I love Dr. Seuss and it is no surprise to me when he is a favorite of others. "Do you like my hat?" has become a beloved phrase in the Nelson house, as we begged my mother to read "Go, Dog. Go!" again and again. It looks like it is Chadwick's daughter's favorite too. Seeing as she knows the ending, I bet she begs him to read it over and over too.
This poem is arranged in very long stanzas- the first being 28 lines describing and analyzing different parts of the book. For example:
Mid-ocean, midnight, / the black water smooth as sleep,/ or maybe death, but she'd never think of that,/ would she?
The lines are broken up into thoughts, almost miniature tone-shifts themselves. Much of Chadwick's lines and thoughts are like this, taking an adult perspective to a child's book. This is shown in sentence length (he has very long, intricate sentences, whereas Dr. Seuss has small, short phrases) , as well as commenting on things like "impossible three-story rowboats." He adds realism to fiction and even adds hints of Seuss to his sentences. I feel like he longs to see the world and stories through his daughter's eyes, as one who waits for a final party and wants to read the same story over and over again.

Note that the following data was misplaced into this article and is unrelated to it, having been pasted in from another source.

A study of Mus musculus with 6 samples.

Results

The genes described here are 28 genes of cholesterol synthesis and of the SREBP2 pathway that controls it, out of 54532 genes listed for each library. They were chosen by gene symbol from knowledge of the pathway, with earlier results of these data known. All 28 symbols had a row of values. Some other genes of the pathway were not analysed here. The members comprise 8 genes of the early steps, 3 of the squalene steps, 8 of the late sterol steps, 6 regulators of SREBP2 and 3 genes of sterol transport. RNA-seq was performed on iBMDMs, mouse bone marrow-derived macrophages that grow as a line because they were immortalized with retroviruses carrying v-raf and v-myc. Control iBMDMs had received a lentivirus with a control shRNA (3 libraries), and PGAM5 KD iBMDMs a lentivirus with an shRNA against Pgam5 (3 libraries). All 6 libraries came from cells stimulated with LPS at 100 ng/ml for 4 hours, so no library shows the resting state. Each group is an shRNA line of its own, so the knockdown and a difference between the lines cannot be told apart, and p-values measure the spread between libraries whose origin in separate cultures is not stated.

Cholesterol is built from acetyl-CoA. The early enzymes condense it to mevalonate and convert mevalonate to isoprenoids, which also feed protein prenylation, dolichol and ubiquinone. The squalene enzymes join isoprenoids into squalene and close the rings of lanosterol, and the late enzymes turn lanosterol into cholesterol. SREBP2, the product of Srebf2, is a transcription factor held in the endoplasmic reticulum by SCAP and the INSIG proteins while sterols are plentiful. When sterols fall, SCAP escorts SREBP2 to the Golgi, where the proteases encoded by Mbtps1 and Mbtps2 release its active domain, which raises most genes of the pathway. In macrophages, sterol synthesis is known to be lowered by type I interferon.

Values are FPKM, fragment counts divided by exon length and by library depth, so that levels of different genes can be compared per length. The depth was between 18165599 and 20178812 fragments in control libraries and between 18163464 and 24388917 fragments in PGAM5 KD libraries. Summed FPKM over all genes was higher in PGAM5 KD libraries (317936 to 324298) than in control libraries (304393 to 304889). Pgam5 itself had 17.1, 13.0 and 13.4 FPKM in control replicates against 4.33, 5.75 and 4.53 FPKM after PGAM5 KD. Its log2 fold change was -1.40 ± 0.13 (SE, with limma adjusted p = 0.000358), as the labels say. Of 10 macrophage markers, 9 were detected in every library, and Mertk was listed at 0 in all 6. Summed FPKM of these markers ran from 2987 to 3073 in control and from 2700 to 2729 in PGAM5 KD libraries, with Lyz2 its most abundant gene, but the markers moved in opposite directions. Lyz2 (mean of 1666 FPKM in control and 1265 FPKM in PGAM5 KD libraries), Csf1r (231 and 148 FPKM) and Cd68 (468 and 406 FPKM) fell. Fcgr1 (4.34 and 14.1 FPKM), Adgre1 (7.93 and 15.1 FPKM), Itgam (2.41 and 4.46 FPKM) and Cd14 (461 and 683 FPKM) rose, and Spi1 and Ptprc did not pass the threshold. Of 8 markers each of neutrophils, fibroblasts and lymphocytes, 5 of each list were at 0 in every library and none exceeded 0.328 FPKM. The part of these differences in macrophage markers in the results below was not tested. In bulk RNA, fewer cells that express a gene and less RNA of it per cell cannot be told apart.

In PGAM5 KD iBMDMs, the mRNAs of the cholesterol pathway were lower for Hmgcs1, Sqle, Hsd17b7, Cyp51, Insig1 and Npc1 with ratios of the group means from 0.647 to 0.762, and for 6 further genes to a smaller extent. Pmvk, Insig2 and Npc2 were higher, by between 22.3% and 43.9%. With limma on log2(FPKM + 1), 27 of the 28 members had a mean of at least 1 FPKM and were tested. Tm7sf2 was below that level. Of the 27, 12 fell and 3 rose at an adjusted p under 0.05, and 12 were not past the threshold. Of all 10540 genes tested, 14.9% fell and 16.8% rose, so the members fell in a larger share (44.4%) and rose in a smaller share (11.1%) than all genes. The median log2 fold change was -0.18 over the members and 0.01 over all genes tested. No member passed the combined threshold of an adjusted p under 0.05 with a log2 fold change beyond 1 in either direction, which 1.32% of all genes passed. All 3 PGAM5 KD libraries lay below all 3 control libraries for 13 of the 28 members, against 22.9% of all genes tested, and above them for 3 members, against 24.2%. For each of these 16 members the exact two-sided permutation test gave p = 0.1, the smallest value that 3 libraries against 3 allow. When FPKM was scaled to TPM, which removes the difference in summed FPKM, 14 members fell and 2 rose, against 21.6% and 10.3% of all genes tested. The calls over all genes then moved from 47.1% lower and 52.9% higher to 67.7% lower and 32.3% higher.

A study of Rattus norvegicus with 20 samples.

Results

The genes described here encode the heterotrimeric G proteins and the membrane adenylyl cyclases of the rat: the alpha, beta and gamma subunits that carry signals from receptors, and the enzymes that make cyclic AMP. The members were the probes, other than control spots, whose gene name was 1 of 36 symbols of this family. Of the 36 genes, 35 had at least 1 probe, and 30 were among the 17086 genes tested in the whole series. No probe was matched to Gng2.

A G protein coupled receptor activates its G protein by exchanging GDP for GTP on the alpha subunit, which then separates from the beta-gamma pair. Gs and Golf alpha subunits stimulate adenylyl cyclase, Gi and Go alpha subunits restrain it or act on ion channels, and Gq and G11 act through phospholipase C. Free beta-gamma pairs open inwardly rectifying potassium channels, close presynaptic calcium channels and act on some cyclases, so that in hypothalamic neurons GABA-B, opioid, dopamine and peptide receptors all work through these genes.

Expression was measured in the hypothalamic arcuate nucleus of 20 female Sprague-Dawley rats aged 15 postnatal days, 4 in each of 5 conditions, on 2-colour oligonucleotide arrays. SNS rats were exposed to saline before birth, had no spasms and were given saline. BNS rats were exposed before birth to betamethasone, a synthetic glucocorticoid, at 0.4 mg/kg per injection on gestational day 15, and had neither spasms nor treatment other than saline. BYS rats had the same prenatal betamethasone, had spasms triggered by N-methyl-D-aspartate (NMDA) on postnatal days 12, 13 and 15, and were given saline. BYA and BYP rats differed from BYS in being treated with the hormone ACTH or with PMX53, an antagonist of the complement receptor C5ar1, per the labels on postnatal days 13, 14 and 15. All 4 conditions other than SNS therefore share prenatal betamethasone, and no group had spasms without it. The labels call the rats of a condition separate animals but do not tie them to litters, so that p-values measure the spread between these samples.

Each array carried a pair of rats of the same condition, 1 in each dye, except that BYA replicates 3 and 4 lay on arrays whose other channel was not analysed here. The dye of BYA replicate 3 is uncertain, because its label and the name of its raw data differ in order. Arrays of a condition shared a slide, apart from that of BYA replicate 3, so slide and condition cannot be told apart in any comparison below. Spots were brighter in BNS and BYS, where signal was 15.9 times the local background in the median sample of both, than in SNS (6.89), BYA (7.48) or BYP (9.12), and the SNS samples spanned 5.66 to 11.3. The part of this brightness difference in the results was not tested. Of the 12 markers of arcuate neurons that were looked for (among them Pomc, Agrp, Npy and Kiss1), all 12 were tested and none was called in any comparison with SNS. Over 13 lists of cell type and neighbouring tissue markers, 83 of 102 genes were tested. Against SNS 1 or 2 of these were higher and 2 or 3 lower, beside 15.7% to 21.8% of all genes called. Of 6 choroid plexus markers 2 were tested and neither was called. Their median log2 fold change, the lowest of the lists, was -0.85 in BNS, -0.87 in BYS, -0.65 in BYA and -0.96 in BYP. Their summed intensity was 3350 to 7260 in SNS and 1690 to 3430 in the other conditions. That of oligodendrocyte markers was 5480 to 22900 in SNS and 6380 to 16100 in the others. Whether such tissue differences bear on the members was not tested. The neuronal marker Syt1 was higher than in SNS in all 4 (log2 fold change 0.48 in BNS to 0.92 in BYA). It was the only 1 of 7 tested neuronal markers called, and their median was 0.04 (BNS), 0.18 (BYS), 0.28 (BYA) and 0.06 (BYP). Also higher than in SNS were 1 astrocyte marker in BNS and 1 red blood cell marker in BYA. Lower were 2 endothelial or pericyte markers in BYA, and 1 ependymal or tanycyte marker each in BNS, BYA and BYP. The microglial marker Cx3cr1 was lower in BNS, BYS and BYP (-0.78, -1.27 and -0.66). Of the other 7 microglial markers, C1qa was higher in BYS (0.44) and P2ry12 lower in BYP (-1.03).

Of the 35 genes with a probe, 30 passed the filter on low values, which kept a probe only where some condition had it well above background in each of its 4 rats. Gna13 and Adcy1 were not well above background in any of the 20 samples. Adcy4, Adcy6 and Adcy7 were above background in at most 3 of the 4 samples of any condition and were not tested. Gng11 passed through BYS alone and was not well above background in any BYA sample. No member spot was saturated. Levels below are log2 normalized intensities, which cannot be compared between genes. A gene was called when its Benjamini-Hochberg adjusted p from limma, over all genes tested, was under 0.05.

The first stanza builds to Dogs together at last, eating big slices of cake and jumping on trampolines directly to a tone shift into the final 6 lined stanza reminiscing over a book ending and starting over. Is that how children work? It has been a long time since I've been a child, but I am pretty sure they are prone to mood changes. They build up excitement and wonder, only to slow down when it's over and begin to climb again.
This hints at several LDS themes. One, being child-like innocence, wondering and waiting for that "final party" where all the "dogs from the book come together." I think that this could allude to heaven. All us dogs from life coming together to eat cake and celebrate. Another, being to start over again. Life is a cycle with childhood, adolescence, adulthood- which essentially starts over with each new generation. I hope my children will have the same child-like wonder in books that I did, and that I have the same adult-like wonder in children as Chadwick does.